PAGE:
90’s Country & 112 Eatery

I remember dutifully going with my mom to a Huey Lewis casino concert. She loaded us kids up in the mini van alongside my cousin and his friend.

They wanted to come. Actually, they were big fans.

“I can’t believe our friends made fun of us for going to this concert instead of Smashing Pumpkins,” they lamented. “Billy Corgan sounds like a parrot.” I was never able to unhear it.

We’ve hit that age where we don’t recognize some of the singers on the GRAMMYs, a lot singers on the Video Music Awards. and, certainly none of the ones nominated for Teen Choice Awards.

Our favorite singers are making the casino circuits now. We knew this day would come. Yours will come, too.

It was my cousin who prodded me to see Trisha Yearwood at the Orpheum. She was my second favorite singer behind Garth Brooks. My third, fourth, and fifth favorite singers were Celine Dion, Mariah Carey, and  Jewel in that exact order. We see country music concerts together. Neither of our spouses particularly enjoy country music so, whenever we go together they are relieved.

As we waited for the concert to begin, she told me about her Richard Marx friend. They’ve been going to Richard Marx concerts together since middle school. They may not speak as often now, but they still go to Richard Marx concerts. A friendship revolving primarily around Richard Marx is so great and so funny.

I offered to be her back-up Richard Marx friend.

As an adult I need experiences that keep me in the moment; not trudging around in the past or panicking about the future.  A good book can keep me there. Succession did a hell of a job.  Live music keeps me in the present like none other.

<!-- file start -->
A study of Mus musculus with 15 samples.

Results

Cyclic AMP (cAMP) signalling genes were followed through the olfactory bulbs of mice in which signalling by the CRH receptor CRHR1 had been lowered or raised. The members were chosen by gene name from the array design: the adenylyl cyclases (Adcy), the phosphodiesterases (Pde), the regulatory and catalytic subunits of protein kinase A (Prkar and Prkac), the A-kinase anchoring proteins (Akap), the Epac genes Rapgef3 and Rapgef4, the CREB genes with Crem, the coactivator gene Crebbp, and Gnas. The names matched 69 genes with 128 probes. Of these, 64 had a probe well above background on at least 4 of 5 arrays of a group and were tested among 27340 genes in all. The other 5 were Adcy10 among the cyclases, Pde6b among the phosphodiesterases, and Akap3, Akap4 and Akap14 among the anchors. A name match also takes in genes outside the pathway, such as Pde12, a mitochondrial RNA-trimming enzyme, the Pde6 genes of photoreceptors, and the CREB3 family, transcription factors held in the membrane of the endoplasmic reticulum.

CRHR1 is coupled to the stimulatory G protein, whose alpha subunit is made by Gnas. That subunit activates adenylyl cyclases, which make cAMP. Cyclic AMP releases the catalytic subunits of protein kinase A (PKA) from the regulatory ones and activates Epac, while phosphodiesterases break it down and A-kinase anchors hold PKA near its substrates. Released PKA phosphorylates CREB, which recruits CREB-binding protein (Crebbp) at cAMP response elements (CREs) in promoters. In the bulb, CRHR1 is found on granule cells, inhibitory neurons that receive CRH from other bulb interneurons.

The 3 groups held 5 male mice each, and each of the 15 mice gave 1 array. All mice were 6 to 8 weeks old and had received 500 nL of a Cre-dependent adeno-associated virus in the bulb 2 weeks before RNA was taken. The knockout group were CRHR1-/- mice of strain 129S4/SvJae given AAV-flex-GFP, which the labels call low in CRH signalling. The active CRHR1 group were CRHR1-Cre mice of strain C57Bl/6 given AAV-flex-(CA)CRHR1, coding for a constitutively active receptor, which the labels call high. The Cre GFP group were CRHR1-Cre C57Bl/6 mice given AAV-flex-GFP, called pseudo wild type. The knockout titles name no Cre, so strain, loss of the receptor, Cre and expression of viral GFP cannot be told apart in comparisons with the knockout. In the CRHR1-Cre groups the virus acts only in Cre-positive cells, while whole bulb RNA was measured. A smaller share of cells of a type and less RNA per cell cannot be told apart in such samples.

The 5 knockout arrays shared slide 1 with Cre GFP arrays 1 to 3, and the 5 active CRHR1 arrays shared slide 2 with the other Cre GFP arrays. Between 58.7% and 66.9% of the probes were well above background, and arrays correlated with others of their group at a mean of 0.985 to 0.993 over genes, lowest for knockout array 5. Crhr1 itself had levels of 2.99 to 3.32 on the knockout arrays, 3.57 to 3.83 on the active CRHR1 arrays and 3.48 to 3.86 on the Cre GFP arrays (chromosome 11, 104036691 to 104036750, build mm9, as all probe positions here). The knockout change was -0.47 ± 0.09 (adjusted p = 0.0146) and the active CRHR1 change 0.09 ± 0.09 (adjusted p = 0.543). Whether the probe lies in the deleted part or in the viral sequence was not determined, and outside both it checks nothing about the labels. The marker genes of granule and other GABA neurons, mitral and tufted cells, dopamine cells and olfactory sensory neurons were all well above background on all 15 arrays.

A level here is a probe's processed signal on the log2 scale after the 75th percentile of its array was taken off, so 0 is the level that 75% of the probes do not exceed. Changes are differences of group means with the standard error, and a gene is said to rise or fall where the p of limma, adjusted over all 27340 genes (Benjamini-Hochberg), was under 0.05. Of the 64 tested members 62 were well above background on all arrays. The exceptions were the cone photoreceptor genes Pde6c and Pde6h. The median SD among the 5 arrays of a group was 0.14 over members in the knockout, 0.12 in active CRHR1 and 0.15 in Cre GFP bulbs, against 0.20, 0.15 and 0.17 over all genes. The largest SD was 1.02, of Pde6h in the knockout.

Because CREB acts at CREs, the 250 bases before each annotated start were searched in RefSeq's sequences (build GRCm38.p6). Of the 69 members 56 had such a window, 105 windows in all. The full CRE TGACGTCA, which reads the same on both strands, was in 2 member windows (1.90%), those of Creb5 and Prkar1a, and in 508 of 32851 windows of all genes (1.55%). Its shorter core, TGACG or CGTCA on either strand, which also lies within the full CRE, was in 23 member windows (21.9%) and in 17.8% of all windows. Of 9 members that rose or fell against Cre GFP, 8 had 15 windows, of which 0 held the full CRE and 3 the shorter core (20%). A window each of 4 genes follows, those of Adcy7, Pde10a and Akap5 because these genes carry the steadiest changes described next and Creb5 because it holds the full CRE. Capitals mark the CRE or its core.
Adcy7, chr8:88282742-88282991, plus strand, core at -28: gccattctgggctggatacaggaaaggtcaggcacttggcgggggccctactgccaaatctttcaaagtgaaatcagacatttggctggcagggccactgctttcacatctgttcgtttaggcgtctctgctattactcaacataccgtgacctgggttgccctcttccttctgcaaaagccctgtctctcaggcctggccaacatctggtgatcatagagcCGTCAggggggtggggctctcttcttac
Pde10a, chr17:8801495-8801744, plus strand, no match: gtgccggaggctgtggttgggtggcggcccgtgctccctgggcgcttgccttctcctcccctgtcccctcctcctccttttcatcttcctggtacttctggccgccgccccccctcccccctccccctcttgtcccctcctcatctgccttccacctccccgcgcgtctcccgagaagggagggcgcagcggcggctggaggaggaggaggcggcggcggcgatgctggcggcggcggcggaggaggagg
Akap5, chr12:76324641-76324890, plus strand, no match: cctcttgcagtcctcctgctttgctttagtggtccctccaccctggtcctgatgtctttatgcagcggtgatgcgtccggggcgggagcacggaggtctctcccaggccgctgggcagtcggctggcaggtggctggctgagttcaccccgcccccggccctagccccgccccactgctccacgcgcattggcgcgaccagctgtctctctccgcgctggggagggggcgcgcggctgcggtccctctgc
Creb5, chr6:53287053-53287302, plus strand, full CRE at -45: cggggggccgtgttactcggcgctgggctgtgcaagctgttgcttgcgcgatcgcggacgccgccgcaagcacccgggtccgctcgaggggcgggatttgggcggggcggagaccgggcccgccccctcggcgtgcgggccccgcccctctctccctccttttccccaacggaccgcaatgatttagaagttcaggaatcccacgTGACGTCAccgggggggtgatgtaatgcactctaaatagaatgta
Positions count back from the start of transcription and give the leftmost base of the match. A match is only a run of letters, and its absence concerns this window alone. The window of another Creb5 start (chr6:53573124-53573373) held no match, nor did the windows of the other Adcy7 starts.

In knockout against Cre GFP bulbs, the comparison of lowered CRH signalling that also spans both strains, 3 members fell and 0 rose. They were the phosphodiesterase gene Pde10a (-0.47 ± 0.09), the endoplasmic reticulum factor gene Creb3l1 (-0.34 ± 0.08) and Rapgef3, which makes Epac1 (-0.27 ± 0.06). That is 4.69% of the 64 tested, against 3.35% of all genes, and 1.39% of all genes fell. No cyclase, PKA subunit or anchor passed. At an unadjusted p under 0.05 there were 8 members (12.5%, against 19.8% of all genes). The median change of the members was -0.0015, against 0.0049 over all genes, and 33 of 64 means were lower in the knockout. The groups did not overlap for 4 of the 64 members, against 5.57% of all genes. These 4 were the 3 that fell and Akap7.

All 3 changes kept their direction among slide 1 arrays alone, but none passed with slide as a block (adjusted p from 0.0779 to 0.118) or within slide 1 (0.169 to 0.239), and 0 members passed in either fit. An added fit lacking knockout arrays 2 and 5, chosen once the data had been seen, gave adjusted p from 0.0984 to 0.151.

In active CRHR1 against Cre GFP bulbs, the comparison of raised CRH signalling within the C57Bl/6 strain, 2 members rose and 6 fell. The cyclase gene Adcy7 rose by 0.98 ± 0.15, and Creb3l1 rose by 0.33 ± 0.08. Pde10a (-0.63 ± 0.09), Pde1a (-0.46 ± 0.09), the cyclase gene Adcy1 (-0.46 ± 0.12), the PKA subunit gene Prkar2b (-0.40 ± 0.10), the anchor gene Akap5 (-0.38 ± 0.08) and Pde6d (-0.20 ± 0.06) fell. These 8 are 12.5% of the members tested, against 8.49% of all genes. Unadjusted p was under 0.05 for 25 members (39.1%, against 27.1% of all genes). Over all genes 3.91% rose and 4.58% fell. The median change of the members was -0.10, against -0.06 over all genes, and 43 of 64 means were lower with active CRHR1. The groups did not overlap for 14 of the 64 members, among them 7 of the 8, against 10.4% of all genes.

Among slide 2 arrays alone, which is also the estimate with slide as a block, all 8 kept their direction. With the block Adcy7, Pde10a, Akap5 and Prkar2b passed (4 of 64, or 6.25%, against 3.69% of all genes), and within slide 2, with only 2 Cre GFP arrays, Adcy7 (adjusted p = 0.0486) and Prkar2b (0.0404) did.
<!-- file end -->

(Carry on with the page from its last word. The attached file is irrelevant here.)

The concert was perfect. At the end Trisha segued from “On A Bus To St. Cloud” to “Purple Rain.” Everyone sang their heart out, repeating the chorus many times.

Just as the good book says, “When two or three Minnesotans come together in my name and sing “Purple Rain,” there I am in the midst. 

You should see your favorite childhood singers before they are gone.

For a pre-concert/theater (or not) meal, 112 Eatery is one of my favorite restaurants, period. It’s a lot of people’s favorite restaurant so make a reservation.

The service is polished and the ambiance is candle-lit cozy and elegant. Of course the food is delicious. You can enjoy a $22-$30 entree or  a $10-$12 burger or bacon, egg and harissa sandwich. There’s plenty in the middle as well.

The last two visits, I enjoyed the scallops with oyster mushroom dish and fried cauliflower florets with bagna cauda sauce. If you’re into beef tartare, their version is best we’ve tried. Neither of us had tried skate wing before – 112’s was clean tasting and delicately flaky like crab.

Other special touches grace diners– like bread and butter, olives, and spiced nuts waiting on your table upon arrival. And little chocolate truffles delivered with your bill.

Find yourself a Trisha Yearwood or Richard Marx friend and go to Eatery 112.

2 Comments

  1. I had the chance to see one of my childhood faves (Van Halen) a few years ago. We had nosebleed seats but didn’t care. Eddie’s guitar solo was worth the ticket price alone.